Surfactant protein D inhibits early airway response in Aspergillus fumigatus-sensitized mice


Jens M. Hohlfeld, Fraunhofer Institute of Toxicology and Experimental Medicine, Nikolai-Fuchs-Straβe 1, 30625 Hannover, Germany.


Background The surfactant protein SP-D has been reported to reduce bronchial hyper-responsiveness, blood eosinophilia, and T-helper type 2 cytokines in models of allergic asthma. However, little is known about the functional effect of SP-D on the early airway response upon allergen inhalation, which is an important feature of this disease.

Objective We investigated whether SP-D is able to reduce the immediate allergen-induced mediator release and the early bronchial obstruction in addition to its effects on airway inflammation and bronchial hyperresponsiveness in an Aspergillus fumigatus mouse asthma model.

Methods A. fumigatus-sensitized mice were treated with a recombinant fragment of human SP-D or placebo. Lung functions were measured in orotracheally intubated, spontaneously breathing animals using body plethysmography. In addition, passively sensitized precision-cut lung slices (PCLS) were used to determine the effect of SP-D on allergen-induced histamine release.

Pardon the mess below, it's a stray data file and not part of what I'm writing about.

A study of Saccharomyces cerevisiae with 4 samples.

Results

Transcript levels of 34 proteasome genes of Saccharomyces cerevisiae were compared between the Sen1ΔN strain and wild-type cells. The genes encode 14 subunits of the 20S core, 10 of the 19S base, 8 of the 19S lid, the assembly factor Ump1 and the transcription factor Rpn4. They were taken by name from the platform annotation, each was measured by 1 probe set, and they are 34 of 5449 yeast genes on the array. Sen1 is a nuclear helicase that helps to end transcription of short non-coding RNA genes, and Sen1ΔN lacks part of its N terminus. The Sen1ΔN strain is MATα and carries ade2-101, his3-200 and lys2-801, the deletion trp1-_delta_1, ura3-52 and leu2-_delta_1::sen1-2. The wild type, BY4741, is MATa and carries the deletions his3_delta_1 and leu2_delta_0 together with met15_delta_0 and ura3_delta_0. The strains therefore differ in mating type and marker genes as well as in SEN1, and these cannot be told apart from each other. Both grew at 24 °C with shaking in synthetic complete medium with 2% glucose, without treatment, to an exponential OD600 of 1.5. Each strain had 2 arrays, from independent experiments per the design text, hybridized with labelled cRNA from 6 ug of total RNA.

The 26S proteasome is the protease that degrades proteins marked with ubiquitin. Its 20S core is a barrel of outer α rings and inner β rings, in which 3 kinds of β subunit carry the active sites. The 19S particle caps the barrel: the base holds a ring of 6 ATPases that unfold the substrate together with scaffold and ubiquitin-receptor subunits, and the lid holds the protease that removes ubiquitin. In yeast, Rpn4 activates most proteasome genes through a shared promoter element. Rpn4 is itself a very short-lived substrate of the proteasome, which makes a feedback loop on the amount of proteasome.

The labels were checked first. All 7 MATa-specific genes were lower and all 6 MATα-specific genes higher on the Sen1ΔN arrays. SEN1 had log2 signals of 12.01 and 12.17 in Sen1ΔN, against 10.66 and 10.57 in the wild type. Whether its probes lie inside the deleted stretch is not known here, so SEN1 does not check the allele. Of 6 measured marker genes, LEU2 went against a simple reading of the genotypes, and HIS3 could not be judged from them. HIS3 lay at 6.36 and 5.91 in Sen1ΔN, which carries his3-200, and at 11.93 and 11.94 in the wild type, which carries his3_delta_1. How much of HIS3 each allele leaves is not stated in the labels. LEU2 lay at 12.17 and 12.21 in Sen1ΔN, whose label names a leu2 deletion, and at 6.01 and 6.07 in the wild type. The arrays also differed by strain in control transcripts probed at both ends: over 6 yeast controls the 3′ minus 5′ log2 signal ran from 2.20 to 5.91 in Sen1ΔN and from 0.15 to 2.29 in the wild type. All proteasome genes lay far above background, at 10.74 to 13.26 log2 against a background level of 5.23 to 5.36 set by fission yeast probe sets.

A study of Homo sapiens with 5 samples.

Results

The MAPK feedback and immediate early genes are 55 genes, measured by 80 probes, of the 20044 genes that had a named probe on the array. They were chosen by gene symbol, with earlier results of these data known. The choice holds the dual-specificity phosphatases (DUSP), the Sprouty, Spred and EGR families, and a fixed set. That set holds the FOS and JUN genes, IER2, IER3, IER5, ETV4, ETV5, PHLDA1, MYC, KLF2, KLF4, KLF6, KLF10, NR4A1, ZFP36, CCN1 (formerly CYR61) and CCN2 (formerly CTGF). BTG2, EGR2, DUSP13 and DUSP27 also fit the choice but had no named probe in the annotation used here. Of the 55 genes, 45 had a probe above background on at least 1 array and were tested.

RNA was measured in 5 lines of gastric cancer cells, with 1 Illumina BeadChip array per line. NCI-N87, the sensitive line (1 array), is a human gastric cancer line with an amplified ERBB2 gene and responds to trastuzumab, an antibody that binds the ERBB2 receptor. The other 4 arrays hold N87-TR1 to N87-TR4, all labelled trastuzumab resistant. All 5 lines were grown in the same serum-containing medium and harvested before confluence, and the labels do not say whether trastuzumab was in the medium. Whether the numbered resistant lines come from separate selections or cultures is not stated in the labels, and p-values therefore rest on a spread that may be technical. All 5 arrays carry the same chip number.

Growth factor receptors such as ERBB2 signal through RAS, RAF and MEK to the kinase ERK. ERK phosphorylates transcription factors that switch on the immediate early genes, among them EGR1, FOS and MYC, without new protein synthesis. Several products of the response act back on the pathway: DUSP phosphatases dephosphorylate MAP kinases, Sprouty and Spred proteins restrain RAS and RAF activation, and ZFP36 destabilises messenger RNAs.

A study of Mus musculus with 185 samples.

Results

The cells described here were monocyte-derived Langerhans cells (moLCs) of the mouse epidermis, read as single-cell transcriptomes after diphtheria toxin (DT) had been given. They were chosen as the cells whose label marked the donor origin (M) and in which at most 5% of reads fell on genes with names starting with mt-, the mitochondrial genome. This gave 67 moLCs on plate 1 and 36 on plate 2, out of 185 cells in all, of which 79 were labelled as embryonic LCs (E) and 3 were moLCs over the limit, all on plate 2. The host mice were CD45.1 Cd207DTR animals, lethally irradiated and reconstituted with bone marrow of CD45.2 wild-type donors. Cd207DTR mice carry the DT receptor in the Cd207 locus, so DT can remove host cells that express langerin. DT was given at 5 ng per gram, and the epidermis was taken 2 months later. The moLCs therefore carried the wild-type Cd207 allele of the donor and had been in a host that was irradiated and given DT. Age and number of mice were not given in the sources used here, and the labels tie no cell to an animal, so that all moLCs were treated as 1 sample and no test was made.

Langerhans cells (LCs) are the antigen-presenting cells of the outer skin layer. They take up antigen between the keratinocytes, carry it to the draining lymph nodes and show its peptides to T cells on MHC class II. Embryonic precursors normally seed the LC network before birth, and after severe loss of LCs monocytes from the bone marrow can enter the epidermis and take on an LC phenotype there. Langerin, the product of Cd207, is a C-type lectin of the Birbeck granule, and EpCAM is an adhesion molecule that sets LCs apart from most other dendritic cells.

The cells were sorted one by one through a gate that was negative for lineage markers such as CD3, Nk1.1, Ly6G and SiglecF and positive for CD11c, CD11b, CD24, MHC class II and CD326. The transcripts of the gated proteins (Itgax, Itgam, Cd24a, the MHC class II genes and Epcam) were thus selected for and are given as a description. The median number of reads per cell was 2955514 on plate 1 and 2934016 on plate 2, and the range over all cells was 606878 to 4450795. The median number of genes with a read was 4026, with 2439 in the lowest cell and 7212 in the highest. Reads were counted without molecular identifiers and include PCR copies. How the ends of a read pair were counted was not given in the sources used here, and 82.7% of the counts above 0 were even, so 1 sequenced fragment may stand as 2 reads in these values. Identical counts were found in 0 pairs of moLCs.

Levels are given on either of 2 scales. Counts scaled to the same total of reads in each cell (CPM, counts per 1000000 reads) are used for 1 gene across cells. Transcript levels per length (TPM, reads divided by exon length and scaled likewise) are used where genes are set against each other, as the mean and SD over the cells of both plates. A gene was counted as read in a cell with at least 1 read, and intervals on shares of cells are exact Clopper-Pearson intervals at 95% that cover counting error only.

Results SP-D inhibited the allergen-induced early airway response and reduced airway hyperresponsiveness compared with placebo. Eosinophilia in bronchoalveolar lavage and lung tissue was reduced after SP-D treatment, possibly by reducing eotaxin levels in the lung. Furthermore, SP-D treatment reduced the allergen-induced histamine release from PCLS.

Conclusions These data suggest that SP-D not only reduces allergen-induced eosinophilic inflammation and airway hyperresponsiveness but also provides protection against early airway obstruction by inhibition of early mediator release.